Efficiency in the auto industry is well known and experts in the off-site construction industry have tried for years to adapt those same labor saving methods to the modular housing industry.
Someone sent me this video about how the auto industry could be the way to build new homes on the modular production line. I watched it and saw several areas where all that wonderful automation shares some of the same major choke points as modular production.
Watching the frame of the car being assembled by robots was fascinating and well orchestrated. I could have watched that for quite a while and not got tired of it. However, and there are always "howevers" in life and modular production, every single frame was identical with the robots attaching the parts in exactly the same way every time before the welding process began.
Unfortunately, that is about the only part of the modular process that can be completely automated and some modular factories are already doing it, mostly in the cookie cutter world of multifamily and commercial production.
If it were only that simple on the residential and custom modular production line where just about every wall is different with a myriad of different nailing points. Yes, automation might save a little time and labor at that point but once the wall panels are completed and ready to be assembled into a 6 sided volumetric box, automation begins to become so difficult to accomplish that we may never see it become a reality.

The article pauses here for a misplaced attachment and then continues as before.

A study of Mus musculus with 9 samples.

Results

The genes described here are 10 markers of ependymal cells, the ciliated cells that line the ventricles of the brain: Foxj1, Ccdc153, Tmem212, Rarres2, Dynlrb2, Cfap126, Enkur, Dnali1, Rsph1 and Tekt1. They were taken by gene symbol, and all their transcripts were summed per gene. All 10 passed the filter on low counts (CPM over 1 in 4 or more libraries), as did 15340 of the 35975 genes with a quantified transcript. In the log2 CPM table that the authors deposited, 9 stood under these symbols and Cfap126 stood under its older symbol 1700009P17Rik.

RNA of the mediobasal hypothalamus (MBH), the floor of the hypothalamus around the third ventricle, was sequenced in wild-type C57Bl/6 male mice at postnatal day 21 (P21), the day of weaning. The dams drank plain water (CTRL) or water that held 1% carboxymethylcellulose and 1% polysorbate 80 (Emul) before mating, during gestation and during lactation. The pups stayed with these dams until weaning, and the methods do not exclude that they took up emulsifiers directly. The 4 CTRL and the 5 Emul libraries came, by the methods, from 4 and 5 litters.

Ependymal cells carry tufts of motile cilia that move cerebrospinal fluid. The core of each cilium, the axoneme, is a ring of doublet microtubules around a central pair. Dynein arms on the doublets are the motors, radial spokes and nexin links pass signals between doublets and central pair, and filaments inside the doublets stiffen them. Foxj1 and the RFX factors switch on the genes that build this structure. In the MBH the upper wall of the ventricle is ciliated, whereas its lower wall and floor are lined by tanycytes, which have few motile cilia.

For the BMW factory in the video, just about every other process requires human interaction. There are certainly robotic arms being used to help humans place sections within the car but it is still humans doing the final work.
One of my favorite parts was watching the robotic arms placing the seats inside the car. That was quite good. The main reason they were used however was that it allows just about anyone to use the arm to set the seat in place although it is all human controlled.
Another part of the video shows workers being seated and the robotic arm is used to carry them inside the car to manually finish the interiors. Now that would be something a lot of the people on the modular production line might like!
For the modular factory, having those manually controlled arms help load product into and onto the house, would be a major improvement. Just ask the people installing shingles if the would like to be able to control an arm holding a pallet of shingles instead of having to walk the length of the roof to get shingles.
The auto industry really has put automation into the assembly line process but it is only effective if hundreds of the same car are built. It would be less effective for both the robots and the human labor to build every single car to different specs. The modular industry does that all the time.
Now watch the video from a modular factory's viewpoint and ask yourself what procedures and automation would work for our industry and which may take decades to make inroads. I'll bet those manually controlled arms will be on a lot of factory owners Wish Lists after watching how BMW builds cars.